June 4, 2019

by Angela Almasy

True to Dix & Eaton’s “one-size-does-not-fit-all” approach to environment, social and governance (ESG) communications, we recognize companies are at different places on their journey. While some companies may be preparing to publish their first ESG report, others have been reporting on their performance and progress for more than a decade. Regardless of where you are on your journey, such communications require a long-term ESG strategy that addresses the current situation and prepares you for the future.

Continuing to elevate your ESG communications over time is very likely to be an ongoing expectation of your key stakeholders ― especially investors, who are accustomed to evaluating your annual (even quarterly) performance.

Consider the following strategies to elevate your ESG disclosure with investors.

Meet with investors through a “road show.”

While investors can learn about your ESG strategy and performance through your annual report, ESG report, proxy statement and other communications, these are one-way forms of ESG disclosure. There is great value in the two-way engagement that can occur through an ESG/corporate governance “road show.” The “road show” should focus on firms and individuals who have an interest in ESG, and it is best scheduled the few months leading up to proxy season. Learning what’s on investors’ minds can help you refine your ESG strategy and messaging going forward. In addition to executive management, consider involving your highest-ranking ESG leader in the meetings.

Reach out to influential ESG ratings and rankings organizations.

The alphabet soup of ratings and rankings organizations may seem overwhelming, and a lot of companies wonder, “How many of these groups really matter?” and “Who listens to them anyway?” Like it or not, these groups ― most notably ISS, Sustainalytics and MSCI ― are well positioned to have an outsized influence on how your company is perceived by investors who care about ESG metrics. Each organization employs its own methodology, and often the information used to evaluate your company is not as transparent and easy to understand as you might like. However, you can proactively engage with these raters and rankers to better understand your scores and how to improve. Many Dix & Eaton clients have benefited from establishing a cooperative relationship, but there are no guarantees that ESG ratings will improve or that it won’t come at a significant cost.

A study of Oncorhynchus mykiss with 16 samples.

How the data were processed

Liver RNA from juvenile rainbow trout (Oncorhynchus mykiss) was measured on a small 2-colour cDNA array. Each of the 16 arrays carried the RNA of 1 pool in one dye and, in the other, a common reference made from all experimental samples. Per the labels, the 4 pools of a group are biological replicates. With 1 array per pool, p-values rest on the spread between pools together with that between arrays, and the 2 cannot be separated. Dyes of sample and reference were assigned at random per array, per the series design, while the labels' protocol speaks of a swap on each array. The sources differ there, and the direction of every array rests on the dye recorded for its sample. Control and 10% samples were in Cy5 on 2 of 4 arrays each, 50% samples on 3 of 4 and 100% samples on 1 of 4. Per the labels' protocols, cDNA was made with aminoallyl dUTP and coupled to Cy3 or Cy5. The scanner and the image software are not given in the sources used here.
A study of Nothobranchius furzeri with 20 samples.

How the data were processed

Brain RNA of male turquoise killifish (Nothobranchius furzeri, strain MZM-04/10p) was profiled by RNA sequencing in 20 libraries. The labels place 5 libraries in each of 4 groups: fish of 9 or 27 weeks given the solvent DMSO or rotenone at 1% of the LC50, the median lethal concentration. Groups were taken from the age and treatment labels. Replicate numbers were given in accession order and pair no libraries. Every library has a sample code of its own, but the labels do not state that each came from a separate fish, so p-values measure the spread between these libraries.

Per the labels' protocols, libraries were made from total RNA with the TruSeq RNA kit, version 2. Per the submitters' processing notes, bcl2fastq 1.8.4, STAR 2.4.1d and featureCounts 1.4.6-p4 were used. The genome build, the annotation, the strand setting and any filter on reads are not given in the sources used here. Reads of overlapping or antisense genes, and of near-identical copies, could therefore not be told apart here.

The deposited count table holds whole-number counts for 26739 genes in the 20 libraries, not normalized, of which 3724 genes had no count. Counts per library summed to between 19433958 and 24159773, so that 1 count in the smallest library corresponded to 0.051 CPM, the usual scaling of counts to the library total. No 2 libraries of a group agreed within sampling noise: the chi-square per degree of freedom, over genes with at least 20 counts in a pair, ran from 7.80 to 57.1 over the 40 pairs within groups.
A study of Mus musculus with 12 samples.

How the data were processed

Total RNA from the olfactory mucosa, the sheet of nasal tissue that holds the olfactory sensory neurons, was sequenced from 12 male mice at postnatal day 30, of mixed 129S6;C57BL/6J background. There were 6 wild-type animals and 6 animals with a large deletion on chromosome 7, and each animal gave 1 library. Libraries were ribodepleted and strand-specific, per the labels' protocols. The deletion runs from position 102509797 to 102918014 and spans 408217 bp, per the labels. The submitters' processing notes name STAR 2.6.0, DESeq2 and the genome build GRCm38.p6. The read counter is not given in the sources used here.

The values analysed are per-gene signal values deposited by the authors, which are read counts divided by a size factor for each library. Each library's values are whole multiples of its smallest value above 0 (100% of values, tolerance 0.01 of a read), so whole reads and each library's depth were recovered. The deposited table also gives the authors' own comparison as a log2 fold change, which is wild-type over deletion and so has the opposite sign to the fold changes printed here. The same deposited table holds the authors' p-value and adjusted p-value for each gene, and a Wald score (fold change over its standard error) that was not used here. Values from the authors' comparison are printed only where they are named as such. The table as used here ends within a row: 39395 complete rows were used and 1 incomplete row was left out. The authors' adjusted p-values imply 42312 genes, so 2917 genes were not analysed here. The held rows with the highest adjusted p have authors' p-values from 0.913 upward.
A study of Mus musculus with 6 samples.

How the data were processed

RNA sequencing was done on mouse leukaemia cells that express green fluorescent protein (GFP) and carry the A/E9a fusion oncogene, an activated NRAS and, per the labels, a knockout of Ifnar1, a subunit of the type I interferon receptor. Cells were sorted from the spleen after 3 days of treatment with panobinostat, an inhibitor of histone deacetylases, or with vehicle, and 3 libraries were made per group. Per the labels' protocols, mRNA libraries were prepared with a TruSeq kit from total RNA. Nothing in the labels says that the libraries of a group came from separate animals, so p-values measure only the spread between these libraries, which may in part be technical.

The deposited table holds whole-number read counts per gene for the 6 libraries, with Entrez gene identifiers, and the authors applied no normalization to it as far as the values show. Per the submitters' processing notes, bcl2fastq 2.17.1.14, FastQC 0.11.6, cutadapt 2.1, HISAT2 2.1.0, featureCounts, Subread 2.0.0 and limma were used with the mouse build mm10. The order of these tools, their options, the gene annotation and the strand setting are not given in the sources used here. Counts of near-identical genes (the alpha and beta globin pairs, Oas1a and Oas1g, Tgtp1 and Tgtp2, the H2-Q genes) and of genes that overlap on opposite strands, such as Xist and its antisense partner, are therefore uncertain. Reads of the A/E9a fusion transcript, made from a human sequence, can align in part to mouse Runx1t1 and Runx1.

Consider alignment with SASB standards.

In November 2018, the Sustainability Accounting Standards Board (SASB) published industry-specific sustainability accounting standards covering financially material issues for 77 industries. The standards are intended to guide companies in communicating their ESG performance to investors in a uniform and useful way. While the standards are still relatively new, more than 50 companies ― including JetBlue, GM, Morgan Stanley and Nike ― have started using this framework formally in their ESG reporting. Whether you integrate SASB into your current ESG report or SEC filing, or produce a stand-alone SASB report, it’s important to find what works with your broader ESG communications strategy. The SASB standards are designed to address the most essential questions investors may ask, so it’s critical that your overall reporting strategy address each of your key stakeholder groups.

While these three strategies can help to elevate your ESG disclosure, they’ll also raise expectations, so be ready to commit to ongoing communication.

Interested in learning more about how Dix & Eaton can help? Contact me.

You can also read more posts from our ESG series.